By Merin C. MacDonald | Date published: May 17, 2023

May Researcher Spotlight: Milka Koupenova

In this month’s Researcher Spotlight, we highlight the work of Milka Koupenova, PhD, assistant professor of medicine in the division of Cardiovascular Medicine.  

Dr. Koupenova’s research focuses on understanding the molecular mechanisms that underline platelet-mediated immune response during viral infections and how this response contributes to cardiovascular disease. Specifically, she is currently interested in SARS-CoV-2- or influenza-mediated sensing and signaling in platelets that may lead to an increased risk of thrombosis and coagulation. The long-term goal of her lab is to characterize the molecular sensors and signaling in platelets mediated by viruses with different genomes, and identify how these viruses may lead to non-classical platelet activation, platelet “death”, and consequently, to the impact on the surrounding environment. She is currently the principal investigator on an NIH-funded R01, "Mechanisms of Platelet Reprogramming During Influenza Infection," where she is examining the role of a previously undescribed molecular mechanism in platelets that leads to the sensing of influenza and ultimately increased thrombosis. Dr. Koupenova is also the principal investigator on an internally funded CTSA project, The Role of Platelets and Leukocytes in COVID-19 Associated Thrombotic Risk, where she is studying the platelet-mediated leukocyte response during SARS-CoV-2 infection. As part of Dr. Koupenova’s contributions to understanding the impact of COVID19 on cardiovascular disease (CVD) she has organized and co-edited a compendium of ten articles on COVID19 and CVD for the American Heart Association journal Circulation Research that is coming out this month.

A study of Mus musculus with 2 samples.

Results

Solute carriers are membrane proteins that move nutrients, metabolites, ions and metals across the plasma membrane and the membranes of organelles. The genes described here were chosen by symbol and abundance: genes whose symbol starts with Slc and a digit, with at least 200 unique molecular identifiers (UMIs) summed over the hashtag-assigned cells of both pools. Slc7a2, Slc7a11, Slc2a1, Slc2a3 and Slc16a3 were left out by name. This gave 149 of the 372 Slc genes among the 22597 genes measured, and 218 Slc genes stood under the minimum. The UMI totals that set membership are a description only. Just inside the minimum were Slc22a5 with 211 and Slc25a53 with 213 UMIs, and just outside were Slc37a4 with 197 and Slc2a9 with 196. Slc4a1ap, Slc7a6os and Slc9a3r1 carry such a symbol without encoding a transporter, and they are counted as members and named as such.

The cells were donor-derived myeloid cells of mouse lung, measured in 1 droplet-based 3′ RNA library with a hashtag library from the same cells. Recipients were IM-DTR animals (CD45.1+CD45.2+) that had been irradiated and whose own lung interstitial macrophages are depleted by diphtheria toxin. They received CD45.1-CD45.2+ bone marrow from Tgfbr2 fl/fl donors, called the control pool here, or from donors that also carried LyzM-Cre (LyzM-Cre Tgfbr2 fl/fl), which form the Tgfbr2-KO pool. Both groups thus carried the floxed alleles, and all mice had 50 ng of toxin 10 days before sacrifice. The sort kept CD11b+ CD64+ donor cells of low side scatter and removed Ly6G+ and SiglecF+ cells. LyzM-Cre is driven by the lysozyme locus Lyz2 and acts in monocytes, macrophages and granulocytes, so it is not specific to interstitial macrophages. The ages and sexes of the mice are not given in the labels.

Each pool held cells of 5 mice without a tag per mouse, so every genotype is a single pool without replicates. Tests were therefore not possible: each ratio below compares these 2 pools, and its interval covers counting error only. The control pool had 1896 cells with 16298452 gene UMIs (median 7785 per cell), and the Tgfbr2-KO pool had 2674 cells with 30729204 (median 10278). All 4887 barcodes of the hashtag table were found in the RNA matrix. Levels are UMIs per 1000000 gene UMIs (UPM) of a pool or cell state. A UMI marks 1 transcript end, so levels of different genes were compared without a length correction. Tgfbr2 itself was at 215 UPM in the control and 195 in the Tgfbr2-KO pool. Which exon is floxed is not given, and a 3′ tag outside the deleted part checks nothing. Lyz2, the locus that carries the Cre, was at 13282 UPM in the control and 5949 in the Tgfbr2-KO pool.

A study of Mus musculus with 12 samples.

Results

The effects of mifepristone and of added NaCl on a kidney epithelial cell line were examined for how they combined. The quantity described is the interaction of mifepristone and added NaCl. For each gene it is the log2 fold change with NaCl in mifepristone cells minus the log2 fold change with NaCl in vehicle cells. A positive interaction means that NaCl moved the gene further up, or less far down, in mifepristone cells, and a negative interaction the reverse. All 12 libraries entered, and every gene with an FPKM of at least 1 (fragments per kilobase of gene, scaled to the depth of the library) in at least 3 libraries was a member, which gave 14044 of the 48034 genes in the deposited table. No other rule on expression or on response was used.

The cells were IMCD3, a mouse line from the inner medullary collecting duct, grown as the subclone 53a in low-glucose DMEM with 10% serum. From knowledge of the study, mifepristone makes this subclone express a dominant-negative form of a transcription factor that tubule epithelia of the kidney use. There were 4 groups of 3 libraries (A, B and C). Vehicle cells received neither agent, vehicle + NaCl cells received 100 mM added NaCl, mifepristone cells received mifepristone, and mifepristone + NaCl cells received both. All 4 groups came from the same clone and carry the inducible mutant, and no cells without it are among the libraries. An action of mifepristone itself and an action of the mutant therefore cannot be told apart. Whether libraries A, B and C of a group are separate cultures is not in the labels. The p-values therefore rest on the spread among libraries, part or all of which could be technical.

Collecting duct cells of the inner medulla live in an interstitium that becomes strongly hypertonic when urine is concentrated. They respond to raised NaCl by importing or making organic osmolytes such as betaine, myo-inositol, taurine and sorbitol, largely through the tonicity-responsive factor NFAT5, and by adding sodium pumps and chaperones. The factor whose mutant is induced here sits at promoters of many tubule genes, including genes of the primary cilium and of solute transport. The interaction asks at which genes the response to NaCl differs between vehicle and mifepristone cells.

Dr. Koupenova cares deeply about scientific rigor, creativity, productivity, and diversity in her lab, in academic research, and in medicine. Of this she says, “Our lab believes that the future of scientific discovery rests in the hands of creative minds and productive collaborations between scientists from diverse backgrounds and cultures. We welcome anyone with a passion and love for science and improving health disparities.” Indeed she is committed to supporting the growth of a diverse team of researchers here at UMass Chan and in the Department of Medicine, having served in various capacities for the Cluster Hire Initiative.  Through this initiative, she was a reviewer of the UMass Chan Cluster Hire Diversity Statement and reviewed applications for the divisions of Infectious Diseases and Immunology, and Innate Immunity. She has also served on the Diversity in Research Taskforce and was a co-representative for UMass Chan at the Annual Biomedical Researcher Conference for Minority Students.  

Dr. Koupenova earned her PhD in Biochemistry from Boston University School of Medicine in Boston, Massachusetts. Following her PhD studies, she completed postdoctoral training in Platelet Biology and Thrombosis at the Whitaker Cardiovascular Institute at Boston University School of Medicine under the mentorship of Drs. Jane Freedman and Katya Ravid, and Platelet Immunology at UMass Chan Medical School, under the mentorship of Dr. Jane Freedman. Dr. Koupenova started her independent lab at UMass Chan in 2020 and continues to explore the contribution of the immune related sensors in platelets to thrombosis. 

We are grateful for Dr. Koupenova’s contributions and commitment to the mission and core values of the Department of Medicine.